For many years, the “superbug” methicillin-resistant Staphylococcus aureus (MRSA) was confined to hospital patients, but since the 1990s it has been infecting otherwise healthy people in settings such as schools and locker rooms. Researchers now report the discovery of MRSA in U.S. wastewater treatment plants (WWTPs), identifying another possible environmental reservoir for the bacteria [EHP 120(11):1551–1558; Rosenberg Goldstein et al.]. People shed MRSA from their nostrils and skin and in their feces, which makes wastewater a likely vector for the bacteria. Previous research had identified MRSA in Swedish WWTPs, but no studies had been conducted on U.S. facilities.
A team led by researchers at the University of Maryland School of Public Health has found that the "superbug" methicillin-resistant Staphylococcus aureus (MRSA) is prevalent at several U.S. wastewater treatment plants (WWTPs). MRSA is well known for causing difficult-to-treat and potentially fatal bacterial infections in hospital patients, but since the late 1990s it has also been infecting otherwise healthy people in community settings.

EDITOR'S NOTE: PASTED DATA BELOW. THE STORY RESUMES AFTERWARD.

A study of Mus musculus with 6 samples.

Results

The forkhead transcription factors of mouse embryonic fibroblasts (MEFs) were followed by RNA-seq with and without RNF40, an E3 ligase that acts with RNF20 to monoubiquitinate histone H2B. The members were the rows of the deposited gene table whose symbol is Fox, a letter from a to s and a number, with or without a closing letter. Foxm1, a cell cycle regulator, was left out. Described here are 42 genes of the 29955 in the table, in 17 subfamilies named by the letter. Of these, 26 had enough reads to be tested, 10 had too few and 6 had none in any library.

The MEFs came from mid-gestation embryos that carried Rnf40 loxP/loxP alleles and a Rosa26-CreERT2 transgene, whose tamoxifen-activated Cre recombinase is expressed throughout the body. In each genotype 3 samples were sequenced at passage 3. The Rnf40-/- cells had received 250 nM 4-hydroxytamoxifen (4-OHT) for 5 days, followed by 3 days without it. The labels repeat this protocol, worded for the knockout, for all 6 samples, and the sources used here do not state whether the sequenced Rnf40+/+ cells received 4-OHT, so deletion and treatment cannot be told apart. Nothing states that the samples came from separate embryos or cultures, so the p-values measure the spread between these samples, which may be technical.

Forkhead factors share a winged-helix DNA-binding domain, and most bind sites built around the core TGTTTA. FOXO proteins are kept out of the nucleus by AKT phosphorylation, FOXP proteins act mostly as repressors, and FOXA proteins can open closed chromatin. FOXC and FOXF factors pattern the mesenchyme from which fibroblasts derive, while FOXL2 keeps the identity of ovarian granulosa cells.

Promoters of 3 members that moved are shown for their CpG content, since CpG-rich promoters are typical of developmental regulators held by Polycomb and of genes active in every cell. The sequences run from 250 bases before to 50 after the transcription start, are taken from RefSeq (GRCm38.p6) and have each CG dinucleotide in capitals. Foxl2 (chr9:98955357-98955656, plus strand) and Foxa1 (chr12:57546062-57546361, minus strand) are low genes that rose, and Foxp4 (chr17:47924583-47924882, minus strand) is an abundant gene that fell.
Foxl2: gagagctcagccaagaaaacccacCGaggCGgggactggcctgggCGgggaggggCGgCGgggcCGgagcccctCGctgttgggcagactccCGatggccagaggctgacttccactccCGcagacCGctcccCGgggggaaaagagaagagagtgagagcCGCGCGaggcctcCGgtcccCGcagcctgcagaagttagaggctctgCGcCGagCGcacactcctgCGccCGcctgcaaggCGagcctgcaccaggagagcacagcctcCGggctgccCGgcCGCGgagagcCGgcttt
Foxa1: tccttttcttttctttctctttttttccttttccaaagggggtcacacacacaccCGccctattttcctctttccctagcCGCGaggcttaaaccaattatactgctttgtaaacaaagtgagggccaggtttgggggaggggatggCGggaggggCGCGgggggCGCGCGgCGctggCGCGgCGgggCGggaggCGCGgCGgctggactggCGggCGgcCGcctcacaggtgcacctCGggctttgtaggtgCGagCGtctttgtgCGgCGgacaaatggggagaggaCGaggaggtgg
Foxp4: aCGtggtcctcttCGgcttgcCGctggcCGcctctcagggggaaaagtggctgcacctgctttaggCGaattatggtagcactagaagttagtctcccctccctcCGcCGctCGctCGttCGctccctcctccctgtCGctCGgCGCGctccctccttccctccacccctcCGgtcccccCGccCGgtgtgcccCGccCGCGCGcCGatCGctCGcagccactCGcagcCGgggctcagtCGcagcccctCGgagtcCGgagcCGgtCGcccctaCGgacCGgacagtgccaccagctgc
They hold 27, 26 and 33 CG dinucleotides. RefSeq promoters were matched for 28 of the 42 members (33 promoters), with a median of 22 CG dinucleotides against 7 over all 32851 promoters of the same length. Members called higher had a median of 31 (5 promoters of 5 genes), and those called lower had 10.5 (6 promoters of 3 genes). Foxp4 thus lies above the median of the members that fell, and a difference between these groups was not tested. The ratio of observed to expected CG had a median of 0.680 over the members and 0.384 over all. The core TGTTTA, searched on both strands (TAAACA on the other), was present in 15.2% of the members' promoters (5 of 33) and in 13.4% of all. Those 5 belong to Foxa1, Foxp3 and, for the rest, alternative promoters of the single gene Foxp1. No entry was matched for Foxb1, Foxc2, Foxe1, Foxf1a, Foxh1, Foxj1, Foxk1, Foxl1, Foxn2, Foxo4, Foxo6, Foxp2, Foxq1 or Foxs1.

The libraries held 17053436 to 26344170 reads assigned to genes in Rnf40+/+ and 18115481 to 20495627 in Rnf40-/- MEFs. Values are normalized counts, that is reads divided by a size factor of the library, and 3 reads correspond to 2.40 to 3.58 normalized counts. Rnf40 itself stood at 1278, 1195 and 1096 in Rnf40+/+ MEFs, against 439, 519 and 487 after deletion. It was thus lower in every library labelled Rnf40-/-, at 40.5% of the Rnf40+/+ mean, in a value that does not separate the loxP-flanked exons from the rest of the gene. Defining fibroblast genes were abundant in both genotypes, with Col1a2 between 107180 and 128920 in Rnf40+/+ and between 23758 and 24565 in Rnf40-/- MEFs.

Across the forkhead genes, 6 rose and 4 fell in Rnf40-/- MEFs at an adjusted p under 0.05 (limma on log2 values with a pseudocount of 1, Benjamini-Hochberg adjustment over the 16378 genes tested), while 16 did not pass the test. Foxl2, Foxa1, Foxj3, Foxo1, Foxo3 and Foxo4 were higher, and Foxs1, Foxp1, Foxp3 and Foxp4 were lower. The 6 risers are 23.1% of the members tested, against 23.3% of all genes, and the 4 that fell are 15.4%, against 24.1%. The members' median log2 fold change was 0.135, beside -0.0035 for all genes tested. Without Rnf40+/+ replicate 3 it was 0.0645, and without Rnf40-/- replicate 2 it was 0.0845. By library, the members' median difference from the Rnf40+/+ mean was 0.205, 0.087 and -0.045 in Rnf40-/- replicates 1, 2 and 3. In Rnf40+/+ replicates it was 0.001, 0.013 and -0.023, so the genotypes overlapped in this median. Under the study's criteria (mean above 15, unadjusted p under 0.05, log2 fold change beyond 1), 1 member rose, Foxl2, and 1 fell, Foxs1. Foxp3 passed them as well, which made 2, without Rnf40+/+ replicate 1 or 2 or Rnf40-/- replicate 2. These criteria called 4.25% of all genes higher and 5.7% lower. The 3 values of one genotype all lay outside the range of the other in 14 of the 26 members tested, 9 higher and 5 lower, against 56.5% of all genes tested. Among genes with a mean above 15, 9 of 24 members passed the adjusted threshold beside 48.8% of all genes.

Researchers, led by scientists from the University of Maryland School of Public Health, confirmed that methicillin-resistant Staphylococcus aureus, or MRSA, exists in the U.S. wastewater treatment plants.
Staphyloccoccus aureus, or staph, is a bacterium responsible for infections contracted in hospital settings that are noted for being difficult to treat and potentially fatal. The bacteria can be present without causing an active infection.